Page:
It shouldn’t be this easy to make money…
When Herbalife first plunged in January, I raced Speed Retirement Trader readers into the position as fast as I could.
We’d walk away with between 31% and 130% on the position in just days after saying this:
When I saw a situation as laughable as this massive plunge in shares of Herbalife (HLF), I have to question the participants’ sense of reality.
About seven to eight months ago, Bill Ackman shorted shares of Herbalife, according to the Los Angeles Times.
So let’s assume Ackman sold shares short around $45 a share in May 2012.
“Ackman has sold the shares short for about seven to eight months and will present details of his thesis at the Sohn Investment Conference tomorrow in New York, CNBC said.”
The move brought out the herd – the weak hands – that sold the stock on the Ackman news.
Apparently, “sources leaked” to CNBC that Ackman would be calling Herbalife a “pyramid scheme.”
But hold on a second.
If Herbalife were really a pyramid scheme, as Ackman claims, how would it still be in business after three decades?
This isn’t the first time Herbalife has had a scare.
Herbalife plunged when David Einhorn questioned the company’s accounting and distributor incentives back in May 2012.
Einhorn was inadvertently involved with that sell off just because he questioned disclosure.
Even though this was cleared up, Herbalife investors sold the stock on fears that Einhorn was short.
The herd simply got ahead of itself without questioning anything.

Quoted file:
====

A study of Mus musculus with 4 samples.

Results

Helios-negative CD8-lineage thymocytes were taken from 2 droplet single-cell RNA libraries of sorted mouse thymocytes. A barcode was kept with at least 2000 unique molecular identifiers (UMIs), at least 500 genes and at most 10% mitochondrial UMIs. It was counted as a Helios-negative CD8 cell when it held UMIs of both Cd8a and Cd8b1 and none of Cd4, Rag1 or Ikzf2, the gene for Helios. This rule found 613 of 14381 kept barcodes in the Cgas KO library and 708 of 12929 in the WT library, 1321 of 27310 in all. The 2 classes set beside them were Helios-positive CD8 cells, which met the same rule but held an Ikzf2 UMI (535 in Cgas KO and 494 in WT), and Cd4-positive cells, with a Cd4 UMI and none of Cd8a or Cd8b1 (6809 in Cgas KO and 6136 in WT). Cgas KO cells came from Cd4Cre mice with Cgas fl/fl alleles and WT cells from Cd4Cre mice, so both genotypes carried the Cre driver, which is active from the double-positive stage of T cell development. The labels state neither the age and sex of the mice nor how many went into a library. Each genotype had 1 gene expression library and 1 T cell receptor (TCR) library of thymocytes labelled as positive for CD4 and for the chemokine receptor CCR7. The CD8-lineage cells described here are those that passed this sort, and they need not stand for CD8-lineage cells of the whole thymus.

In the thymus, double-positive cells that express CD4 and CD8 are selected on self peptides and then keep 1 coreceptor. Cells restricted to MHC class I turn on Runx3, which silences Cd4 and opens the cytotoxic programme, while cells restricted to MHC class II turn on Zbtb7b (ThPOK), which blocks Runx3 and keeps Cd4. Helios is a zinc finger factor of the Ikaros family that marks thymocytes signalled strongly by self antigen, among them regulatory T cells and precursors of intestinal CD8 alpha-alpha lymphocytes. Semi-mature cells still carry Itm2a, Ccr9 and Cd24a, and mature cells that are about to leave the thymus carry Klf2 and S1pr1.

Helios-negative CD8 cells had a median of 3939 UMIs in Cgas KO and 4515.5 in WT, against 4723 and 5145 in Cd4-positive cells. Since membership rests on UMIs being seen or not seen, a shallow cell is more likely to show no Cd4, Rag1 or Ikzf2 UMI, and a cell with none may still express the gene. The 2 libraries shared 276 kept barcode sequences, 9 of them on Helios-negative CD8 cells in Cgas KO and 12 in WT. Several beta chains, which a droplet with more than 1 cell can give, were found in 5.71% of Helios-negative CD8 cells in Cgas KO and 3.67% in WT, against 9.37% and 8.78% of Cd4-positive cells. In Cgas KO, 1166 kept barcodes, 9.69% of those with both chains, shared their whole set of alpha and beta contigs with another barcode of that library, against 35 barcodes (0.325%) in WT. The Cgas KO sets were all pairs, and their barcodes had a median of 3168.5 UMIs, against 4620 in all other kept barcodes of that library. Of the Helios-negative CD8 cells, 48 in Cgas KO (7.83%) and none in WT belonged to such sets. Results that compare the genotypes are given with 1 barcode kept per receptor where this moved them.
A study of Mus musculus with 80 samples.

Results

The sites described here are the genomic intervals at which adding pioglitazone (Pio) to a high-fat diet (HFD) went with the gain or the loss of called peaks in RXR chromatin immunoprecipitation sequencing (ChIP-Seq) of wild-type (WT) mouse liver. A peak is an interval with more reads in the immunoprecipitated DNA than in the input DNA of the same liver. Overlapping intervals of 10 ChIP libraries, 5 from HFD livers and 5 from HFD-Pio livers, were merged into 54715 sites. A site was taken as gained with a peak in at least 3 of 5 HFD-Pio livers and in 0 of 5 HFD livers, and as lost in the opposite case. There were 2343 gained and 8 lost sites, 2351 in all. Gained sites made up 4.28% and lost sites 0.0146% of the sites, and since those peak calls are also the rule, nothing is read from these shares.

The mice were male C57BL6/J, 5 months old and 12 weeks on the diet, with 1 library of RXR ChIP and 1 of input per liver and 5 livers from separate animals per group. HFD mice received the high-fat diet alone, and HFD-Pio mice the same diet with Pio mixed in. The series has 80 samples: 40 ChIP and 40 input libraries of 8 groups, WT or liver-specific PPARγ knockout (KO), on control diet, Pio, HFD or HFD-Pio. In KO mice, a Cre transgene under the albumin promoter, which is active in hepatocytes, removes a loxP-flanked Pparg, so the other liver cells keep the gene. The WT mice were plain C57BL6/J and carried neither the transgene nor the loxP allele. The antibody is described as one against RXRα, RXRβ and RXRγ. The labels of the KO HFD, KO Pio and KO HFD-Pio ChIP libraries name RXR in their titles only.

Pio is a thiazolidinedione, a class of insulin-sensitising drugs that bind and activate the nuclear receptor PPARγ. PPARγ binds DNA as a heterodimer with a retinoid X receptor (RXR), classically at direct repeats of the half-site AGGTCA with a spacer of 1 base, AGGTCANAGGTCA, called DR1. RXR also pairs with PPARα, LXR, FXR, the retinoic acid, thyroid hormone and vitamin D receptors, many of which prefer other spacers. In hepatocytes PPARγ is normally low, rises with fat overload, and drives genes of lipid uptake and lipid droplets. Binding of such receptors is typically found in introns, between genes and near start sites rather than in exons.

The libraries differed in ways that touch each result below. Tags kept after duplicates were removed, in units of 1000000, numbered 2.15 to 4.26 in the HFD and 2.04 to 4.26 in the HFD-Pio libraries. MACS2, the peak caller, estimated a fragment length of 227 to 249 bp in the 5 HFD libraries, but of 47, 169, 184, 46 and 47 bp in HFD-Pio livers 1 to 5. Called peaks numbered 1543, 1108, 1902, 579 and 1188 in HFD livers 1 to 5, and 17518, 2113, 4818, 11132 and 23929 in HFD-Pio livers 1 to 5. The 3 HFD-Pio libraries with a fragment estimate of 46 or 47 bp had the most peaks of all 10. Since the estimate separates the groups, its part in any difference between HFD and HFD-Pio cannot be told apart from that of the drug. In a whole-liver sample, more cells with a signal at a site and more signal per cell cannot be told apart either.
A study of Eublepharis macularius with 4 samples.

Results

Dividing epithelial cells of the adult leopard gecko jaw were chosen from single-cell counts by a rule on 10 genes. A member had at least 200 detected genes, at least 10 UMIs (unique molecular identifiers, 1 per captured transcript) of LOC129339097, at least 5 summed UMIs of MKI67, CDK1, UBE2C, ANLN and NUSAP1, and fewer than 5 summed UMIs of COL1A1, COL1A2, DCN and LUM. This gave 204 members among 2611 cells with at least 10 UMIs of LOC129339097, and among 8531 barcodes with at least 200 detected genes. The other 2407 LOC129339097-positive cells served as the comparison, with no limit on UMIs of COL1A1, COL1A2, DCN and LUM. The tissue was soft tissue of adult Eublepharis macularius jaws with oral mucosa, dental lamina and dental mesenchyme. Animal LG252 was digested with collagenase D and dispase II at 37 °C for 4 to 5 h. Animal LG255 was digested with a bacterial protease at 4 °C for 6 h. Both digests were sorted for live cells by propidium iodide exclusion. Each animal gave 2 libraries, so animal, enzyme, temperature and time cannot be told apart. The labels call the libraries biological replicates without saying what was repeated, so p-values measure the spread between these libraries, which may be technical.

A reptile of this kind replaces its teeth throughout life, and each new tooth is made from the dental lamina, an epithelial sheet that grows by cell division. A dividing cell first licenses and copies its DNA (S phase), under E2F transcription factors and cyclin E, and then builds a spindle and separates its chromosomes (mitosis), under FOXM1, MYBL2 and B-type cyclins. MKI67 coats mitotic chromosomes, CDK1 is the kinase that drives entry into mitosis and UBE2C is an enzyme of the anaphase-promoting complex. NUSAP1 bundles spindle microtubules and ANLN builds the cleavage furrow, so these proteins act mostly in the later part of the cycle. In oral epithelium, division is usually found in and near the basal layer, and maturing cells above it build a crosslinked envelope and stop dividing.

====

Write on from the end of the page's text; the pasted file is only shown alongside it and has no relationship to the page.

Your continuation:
The same thing happened again…
No one questioned anything. Investors were spooked again following the “Einhorn incident” and sold everything.
Again, if this were a pyramid scheme it wouldn’t still be around after three decades.
Insiders bought $3 million worth of stock in November 2012.
The company approved a five-year $1 billion stock buyback plan in July.
The company has beat earnings for 12 quarters.
Plus, according to the Wall Street Journal:
On CNBC Wednesday, Chief Executive Michael Johnson called Mr. Ackman’s comment “blatant market manipulation.”
“We’re not a pyramid scheme. That’s a bogus accusation,” said Mr. Johnson, adding he believed Mr. Ackman’s statement appeared to be part of an attempt by a group of short-sellers to push share prices lower before a group of “put” options–or contracts that give the holders the right to sell shares at a predetermined price–expire Friday.
Mr. Ackman said his firm owns no put or other options on Herbalife and said his position wasn’t an attempt to manipulate the market. “We have done our homework here and would never have said what we said unless we believed [it]. We simply want the world to understand the truth about HLF.”
Taking full advantage of the naïve herd mentality, we raced back into the position, buying up puts. In days, we just walked with gains as high as 125%.
We’re about to go long again, though. The bears have gotten far too bearish again on news that the company is the subject of an FTC investigation.
Apparently, the FTC has disclosed a list of about 192 complaints about the company from the last seven years. I don’t expect anything to come of it.
Once this news passes over, we’ll go long before the herd can catch up to us. Stay tuned to Speed Retirement for buy instructions.